As I felt at the very first time, "Rope" is/remains an ugly & unappealing film/play. Killing for the sake of killing; extremely unsympathic characters; bullshiting about the 'Übermensch'; all of this is unpleasant. In the middle section it really gets boring; at the end scene we even must endure a very ridiculous speech of Mr. Stewart. Under these circumstances, who cares about the long, 'innovative' camera takes?
No se dejen engañar por su aparente sencillez. Es una autentica maravilla. Gran guión, muy buenas actuaciones y personajes, excelente dirección y un uso del suspense increíble, que logra una atmósfera que no te hace saber qué pasará, simplemente brillante y que pese a no cambiar de escenario hace que el espectador no quiera apartar la mirada de la TV. De mis pelis favoritas del gordinflón ¡GRACIAS HITCHCOCK! 8/10
I think the long take idea works really well-the tension implicit in the script is shared in the tension imparted by not making a cut. We are aware of the extra-filmic event of actually filming: when's the cut!? There is no room to breath because of this. Ultimately to talky of a pic for me, but I think if we look at the murder as an allegory for closeted homosexuality, this becomes a more emotionally charged story.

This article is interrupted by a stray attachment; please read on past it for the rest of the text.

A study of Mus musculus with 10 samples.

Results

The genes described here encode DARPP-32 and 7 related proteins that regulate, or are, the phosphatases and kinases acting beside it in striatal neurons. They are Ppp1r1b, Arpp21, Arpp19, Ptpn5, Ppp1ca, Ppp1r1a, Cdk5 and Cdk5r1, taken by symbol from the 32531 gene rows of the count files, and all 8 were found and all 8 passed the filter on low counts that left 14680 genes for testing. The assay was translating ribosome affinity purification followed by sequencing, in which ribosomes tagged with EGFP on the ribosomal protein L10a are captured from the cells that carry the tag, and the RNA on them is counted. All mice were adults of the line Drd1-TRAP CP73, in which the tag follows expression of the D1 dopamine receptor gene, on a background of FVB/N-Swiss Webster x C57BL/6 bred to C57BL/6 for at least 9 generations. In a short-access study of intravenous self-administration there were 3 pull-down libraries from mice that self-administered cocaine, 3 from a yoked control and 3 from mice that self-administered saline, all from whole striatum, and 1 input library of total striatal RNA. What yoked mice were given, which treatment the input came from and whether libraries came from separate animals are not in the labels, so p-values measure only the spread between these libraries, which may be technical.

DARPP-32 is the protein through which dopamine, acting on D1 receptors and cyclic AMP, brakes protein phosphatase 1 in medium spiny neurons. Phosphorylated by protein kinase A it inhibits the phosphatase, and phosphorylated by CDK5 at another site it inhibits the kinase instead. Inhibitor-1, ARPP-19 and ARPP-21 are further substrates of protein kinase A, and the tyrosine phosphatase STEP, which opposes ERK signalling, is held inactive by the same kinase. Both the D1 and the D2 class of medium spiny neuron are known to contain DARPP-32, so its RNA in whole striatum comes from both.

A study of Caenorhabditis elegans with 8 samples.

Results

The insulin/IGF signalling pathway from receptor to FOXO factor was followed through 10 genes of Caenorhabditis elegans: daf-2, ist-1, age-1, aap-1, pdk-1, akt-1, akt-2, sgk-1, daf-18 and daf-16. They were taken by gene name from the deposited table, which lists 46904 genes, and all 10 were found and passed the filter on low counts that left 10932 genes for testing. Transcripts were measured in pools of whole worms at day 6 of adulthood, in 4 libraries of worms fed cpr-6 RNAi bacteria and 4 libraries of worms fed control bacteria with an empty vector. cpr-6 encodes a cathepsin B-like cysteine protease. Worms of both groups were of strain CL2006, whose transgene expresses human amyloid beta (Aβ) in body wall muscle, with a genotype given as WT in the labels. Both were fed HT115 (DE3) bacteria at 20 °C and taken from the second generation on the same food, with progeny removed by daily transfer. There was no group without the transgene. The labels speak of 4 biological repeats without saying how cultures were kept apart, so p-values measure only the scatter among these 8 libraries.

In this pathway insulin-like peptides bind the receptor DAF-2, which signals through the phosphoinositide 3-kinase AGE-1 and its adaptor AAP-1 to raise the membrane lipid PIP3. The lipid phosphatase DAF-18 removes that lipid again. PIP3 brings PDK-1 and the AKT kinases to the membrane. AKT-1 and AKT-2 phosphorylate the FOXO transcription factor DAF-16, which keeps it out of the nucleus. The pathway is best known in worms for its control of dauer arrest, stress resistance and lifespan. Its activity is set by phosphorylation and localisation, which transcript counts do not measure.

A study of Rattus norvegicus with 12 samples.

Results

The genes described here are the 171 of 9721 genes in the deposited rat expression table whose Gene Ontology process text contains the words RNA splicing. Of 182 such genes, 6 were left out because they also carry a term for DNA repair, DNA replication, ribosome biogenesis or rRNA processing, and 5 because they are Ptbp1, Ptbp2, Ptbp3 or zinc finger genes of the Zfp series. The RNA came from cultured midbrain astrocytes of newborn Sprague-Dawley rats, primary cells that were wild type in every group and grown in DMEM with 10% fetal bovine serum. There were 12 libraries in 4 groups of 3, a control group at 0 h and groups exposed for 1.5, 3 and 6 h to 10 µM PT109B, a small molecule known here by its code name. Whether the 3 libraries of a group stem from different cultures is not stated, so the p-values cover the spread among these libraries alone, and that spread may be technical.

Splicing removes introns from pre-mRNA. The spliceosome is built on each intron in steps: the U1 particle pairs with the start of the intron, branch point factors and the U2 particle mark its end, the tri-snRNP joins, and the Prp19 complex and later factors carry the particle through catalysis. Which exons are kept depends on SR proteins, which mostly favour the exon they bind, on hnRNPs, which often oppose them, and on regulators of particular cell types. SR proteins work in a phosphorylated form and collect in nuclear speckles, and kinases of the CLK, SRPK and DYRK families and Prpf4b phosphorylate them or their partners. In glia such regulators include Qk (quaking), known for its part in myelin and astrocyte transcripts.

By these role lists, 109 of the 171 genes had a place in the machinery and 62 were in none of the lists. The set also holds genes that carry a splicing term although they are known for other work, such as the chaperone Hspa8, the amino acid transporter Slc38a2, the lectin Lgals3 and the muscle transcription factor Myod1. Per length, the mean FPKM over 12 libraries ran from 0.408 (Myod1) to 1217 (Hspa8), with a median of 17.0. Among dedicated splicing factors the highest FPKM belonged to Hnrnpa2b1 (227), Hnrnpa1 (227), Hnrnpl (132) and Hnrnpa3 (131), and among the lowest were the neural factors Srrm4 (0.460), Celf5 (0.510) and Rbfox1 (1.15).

This is a whimsy reading of "Crime and Punishment", where the idea resembles this plot: the thesis that superior men are allowed to murder inferior men because they're self-justificatory above the moral standards. In the end, we find that Brandon twists this words and his killing his done only by its self-proclaimed power and narcissistic vanity: "The power to kill can be just as satisfying as the power to create".
Rope has been called a stunt by some, but the spectacle of trying to "get away with 'it'" is highly entertaining, from the murder to the explicit relationship. When adjusting to the dated speech, remember these sort of one-liners & ripostes once defined Broadway wit. One knock is Hitchcock's awkward attempts to use brief close-ups to simulate continuity; they're distracting rather than subtle and affective.